Squawking about the nation’s debt after your party spent like drunk sailors on leave is like eating a rib-eye at Ruth’s Chris, then planting a fly under the bone to get a free meal. You ordered and ate the steak, sir. Yes, but I didn’t order the fly that came with it, and don’t you think your prices are obscene?
This same exchange keeps repeating in Washington, where the ultra MAGA Freedom Caucus is, once again, criticizing an expensive steak they already ate, and denying they ordered it in the first place.
Republicans spent a staggering and unprecedented $8 trillion during the Trump administration, and now blame Democrats for the debt. Only four months after Speaker McCarthy reached a debt ceiling agreement, the same thirsty clowns have now twice blocked the GOP’s own Pentagon spending bill, one of 12 annual spending bills, from even coming up for debate.
Preening for a budget showdown - the fiscal year begins on Oct. 1 - they also rejected McCarthy’s continuing resolution to extend the budget for a month, declaring that they were “not interested in a continuing resolution that continues the policies and spendings of the Biden, Schumer, Pelosi era … We’re here to put our foot down.”
It’s hard to decide what’s worse, the drama or the hypocrisy. They are not mutually exclusive.
We’ll shut down the government if we don’t get what we want
The Freedom Caucus says it will “fight with everything that we have.” Calling their budget demands the “No Security, No Funding” plan, the caucus isn’t worried about a government shutdown. It’s all about MAGA messaging on a nation they fervently wish were in decline. According to Clay Higgins (R-La.), a government shutdown would be “small compared to the principle battle that we’re in. We are not going to casually fund the decline of our country.”
To address said “decline,” their plan prescribes dramatic spending cuts, including cuts in aid to Ukraine; constructing more southern border walls and restricting asylum seekers; an end to “woke” policies in the military like abortion leave; and eliminating the “unprecedented weaponization of the Justice Department and FBI” through reduced DOJ funding. Caucus members are unbothered by the lack of evidence tying Biden to Trump’s many state and federal criminal indictments, or the fact that Trump tried to use the DOJ as his personal lawfirm, or his latest promise, if he is re-elected, “to … go after the Biden crime family.”
McCarthy, who made the mistake of bargaining with hijackers to get his speakership in the first place, parrots their interest in reducing the nation’s spending, which, he says, is like a family earning $24,000 a year, but spending $35,000. “The greatest threat to our nation’s future,” McCarthy now says, is “our national debt.”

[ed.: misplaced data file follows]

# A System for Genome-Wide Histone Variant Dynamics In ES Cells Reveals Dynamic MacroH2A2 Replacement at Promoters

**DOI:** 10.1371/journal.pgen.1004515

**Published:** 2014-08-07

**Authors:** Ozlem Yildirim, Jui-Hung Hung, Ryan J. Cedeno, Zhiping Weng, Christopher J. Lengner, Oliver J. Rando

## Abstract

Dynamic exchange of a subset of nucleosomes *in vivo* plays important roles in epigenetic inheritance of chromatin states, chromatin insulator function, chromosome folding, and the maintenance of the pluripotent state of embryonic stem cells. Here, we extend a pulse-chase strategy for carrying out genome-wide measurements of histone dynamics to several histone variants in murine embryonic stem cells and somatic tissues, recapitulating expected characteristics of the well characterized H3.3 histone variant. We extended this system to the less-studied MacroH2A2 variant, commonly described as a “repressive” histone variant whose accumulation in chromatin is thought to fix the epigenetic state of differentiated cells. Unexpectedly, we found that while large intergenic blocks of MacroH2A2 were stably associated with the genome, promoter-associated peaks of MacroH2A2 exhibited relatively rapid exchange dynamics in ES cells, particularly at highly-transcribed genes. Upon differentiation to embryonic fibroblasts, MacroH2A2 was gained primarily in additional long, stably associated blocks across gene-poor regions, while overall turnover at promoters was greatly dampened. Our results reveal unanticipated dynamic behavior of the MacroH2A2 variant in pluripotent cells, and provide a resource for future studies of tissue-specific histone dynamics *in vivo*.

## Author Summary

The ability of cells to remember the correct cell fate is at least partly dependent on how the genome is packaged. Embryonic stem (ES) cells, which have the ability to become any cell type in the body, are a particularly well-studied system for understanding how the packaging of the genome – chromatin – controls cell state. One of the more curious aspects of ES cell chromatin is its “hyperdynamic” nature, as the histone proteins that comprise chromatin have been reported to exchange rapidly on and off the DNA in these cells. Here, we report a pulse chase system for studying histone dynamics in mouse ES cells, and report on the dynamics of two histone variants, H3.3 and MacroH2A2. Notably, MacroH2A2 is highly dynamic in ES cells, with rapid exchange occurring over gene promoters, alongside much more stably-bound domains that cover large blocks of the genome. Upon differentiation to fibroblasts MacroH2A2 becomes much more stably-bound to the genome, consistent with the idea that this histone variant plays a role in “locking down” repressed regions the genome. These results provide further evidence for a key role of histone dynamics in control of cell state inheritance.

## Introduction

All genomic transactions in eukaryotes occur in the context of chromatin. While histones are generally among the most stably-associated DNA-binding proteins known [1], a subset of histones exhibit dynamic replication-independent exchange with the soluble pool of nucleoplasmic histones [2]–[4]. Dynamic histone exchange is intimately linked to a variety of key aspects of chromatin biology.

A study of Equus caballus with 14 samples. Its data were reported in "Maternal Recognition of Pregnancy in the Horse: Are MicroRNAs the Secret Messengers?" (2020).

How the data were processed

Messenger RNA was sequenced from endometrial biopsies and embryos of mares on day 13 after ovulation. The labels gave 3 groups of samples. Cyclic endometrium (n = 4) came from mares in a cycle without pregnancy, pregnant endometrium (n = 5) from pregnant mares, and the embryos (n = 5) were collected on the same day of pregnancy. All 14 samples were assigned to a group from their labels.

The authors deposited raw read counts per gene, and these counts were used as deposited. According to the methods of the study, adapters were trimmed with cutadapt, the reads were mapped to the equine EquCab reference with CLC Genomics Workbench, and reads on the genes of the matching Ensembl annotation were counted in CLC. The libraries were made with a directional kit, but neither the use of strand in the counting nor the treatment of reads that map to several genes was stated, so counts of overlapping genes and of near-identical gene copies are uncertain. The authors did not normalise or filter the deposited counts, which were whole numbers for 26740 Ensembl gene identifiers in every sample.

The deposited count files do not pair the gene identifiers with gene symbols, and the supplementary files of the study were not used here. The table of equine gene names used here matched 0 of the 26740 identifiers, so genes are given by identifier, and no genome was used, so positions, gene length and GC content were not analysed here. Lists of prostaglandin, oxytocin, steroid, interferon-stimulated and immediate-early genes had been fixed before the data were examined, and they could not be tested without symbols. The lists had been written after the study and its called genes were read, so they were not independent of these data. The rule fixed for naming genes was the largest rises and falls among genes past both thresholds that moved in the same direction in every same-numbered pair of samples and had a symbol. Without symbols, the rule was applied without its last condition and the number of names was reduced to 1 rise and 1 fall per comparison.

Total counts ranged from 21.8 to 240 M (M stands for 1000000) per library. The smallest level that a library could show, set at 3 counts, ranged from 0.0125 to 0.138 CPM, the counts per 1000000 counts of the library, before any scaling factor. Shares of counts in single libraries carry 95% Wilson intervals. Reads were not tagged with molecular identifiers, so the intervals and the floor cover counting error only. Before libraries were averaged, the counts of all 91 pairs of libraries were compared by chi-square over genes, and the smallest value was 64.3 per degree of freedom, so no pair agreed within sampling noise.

Too bad McCarthy and the Freedom Caucus didn’t feel that way when Trump was in office.
Reckless spendthrift says what?
Despite full hibernation during the Trump years, their fiscal restraint was only triggered when a Democrat entered the White House. Although the federal deficit has grown through evenly divided Democrat and republican presidencies since 2001, former Republican congressman David Jolly observed that, “Roughly 25% of our total national debt incurred over the last 230 years actually occurred during the four years of the Trump administration.” As Trump so sagaciously observed, “This is the United States government … you never have to default because you print the money.”
McCarthy and the Freedom Caucus ignore that the national debt is driven by tax policy as much as spending. Following the Trump administration’s colossal $2.3 trillion tax giveaway to corporations and the nation’s wealthy, Trump reminded his rich donor friends, “You all just got a lot richer.” Did they ever? The nonpartisan Congressional Budget Office calculated that, over the next 11 years, Republicans’ tax cuts will continue to increase the national debt by another $1.9 trillion.
The national debt now sits at $33 trillion, and for all their bluster about cutting entitlements, Republicans can’t seem to stop gushing money for their donors.
Republicans reduced the top corporate tax rate from 35% to 21%, gifting corporations with a 40% reduction in their tax burden in 2017, which will affect the budget for years to come. It’s a largess we still continue to pay for, but the No Security, No Funding plan makes no mention of clawing it back.
With time running out, Congress will have to pass a short-term extension on government funding, to buy more time for lawmakers to work out a spending package. Here’s hoping McCarthy takes a cue from the Senate, works out a bi-partisan budget no one really likes, and calls his tormentors’ bluff. If they vote to shut down the government anyway, at least everyone will know who to blame.
Sabrina Haake is a 25-year litigator specializing in 1st and 14th Amendment defense. Her columns appear in OutSFL, Chicago Tribune, Salon, State Affairs, and Howey Politics. She and her wife split their time between South Florida and Chicago. Follow her on substack.